Carbon project

A carbon project refers to a business initiative that receives funding because of the cut the emission of greenhouse gases (GHGs) that will result. To prove that the project will result in real, permanent, verifiable reductions in Greenhouse Gases, proof must be provided in the form of a project design document and activity reports validated by an approved third party in the case of Clean Development Mechanism (CDM) or Joint Implementation (JI) projects.

Reasons for carbon project development

Carbon projects are developed for reasons of voluntary environmental stewardship, as well as legal compliance under a Greenhouse Gas Cap & Trade program. Voluntary carbon (GHG) reducers may wish to monetize reductions in their carbon footprint by trading the reductions in exchange for monetary compensation. The transfer of environmental stewardship rights would then allow another entity to make an environmental stewardship claim. There are several developing voluntary reduction standards that projects can use as guides for development.

Kyoto Protocol

Carbon projects have become increasingly important since the advent of emissions trading under Phase I of the Kyoto protocol in 2005. They may be used if the project has been validated by a Clean Development Mechanism (CDM) Designated Operational Entity (DOE) according the United Nations Framework Convention on Climate Change. The resulting emissions reductions may become Certified Emissions Reductions (CERs) when a DOE has produced a verification report which has been submitted to the CDM Executive Board.

There may be new project methodology validated by the CDM EB for post phase II Kyoto trading.

United States

In the United States standards similar to those of the Kyoto Protocol schemes are developing around California's AB-32 and the Regional Greenhouse Gas Initiative (RGGI). Offset projects can be of many types, but only those that have proven additionality are likely to become monetized under a future U.S. Cap & Trade program.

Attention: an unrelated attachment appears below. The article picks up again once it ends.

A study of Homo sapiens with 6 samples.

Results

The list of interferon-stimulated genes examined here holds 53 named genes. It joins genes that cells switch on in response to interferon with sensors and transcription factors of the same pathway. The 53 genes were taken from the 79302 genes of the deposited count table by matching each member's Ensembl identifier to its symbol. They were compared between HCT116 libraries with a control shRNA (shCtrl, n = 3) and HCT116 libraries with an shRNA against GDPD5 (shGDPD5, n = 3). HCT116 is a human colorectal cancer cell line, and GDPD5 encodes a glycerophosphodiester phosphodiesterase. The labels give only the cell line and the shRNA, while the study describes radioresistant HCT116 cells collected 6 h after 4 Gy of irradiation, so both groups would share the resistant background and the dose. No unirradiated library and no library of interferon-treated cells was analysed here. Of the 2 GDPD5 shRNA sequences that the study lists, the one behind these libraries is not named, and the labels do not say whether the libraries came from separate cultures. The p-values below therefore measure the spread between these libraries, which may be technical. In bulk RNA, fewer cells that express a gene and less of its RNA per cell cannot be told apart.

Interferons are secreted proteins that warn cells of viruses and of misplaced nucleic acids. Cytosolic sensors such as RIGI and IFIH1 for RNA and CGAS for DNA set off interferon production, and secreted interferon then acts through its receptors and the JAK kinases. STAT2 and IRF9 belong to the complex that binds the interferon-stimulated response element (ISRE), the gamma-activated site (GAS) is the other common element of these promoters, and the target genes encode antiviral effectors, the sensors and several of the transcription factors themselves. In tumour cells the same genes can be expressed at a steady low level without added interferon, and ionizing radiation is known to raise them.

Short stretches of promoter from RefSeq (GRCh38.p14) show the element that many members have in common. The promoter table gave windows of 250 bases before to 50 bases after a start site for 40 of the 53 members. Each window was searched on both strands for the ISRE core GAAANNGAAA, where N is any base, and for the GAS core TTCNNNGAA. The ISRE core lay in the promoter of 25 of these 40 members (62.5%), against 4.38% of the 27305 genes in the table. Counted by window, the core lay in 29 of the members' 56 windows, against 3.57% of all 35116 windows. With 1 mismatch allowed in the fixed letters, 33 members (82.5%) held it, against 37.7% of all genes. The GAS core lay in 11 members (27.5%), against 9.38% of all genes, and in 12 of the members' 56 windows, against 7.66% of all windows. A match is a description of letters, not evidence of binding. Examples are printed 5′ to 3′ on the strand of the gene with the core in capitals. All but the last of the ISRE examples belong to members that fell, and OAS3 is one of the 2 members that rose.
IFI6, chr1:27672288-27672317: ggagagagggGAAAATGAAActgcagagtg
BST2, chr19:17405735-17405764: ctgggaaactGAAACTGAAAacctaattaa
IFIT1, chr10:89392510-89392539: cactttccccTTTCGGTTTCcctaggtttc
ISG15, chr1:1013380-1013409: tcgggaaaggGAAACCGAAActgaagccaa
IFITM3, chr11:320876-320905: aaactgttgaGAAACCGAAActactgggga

An entity whose greenhouse gas emissions are capped by a regulatory program has three choices for complying if they exceed their cap. First, they could pay an alternative compliance measure or "carbon tax", a default payment set by the regulatory body. This choice is usually the least attractive given the ability to comply by trading.

The second option is to purchase carbon credits within an emissions trading scheme. The trade provides an economic disincentive to the polluter, while providing an incentive to the less polluting organisation. As fossil fuel generation becomes less attractive it will be increasingly unattractive to exceed a carbon cap because the financial disincentive will grow via market forces. The price of a carbon allowance would go up because supply would decline while demand stays constant (assuming a positive growth rate for energy consumption).

The final option is to invest in a carbon project. The carbon project will result in a greenhouse gas emission reduction which can be used to offset the excess emissions generated by the polluter. The financial disincentive to pollute is in the form of the capital expenditure to develop the project or the cost of purchasing the offset from the developer of the project. In this case the financial incentive would go to the owner of the carbon project.

Project selection

The most important part of developing a carbon project is establishing and documenting the additionality of the project - that the carbon project would not have otherwise occurred. It is also essential to document the measurement and the verification methodology applied, as outlined in the project development document.

Developing a carbon project is appropriate for renewable energy projects such as wind, solar, low impact-small hydro, biomass, and biogas. Projects have also been developed for a wide variety of other emissions reductions such as reforestation, fuel switching, carbon capture and storage, and energy efficiency.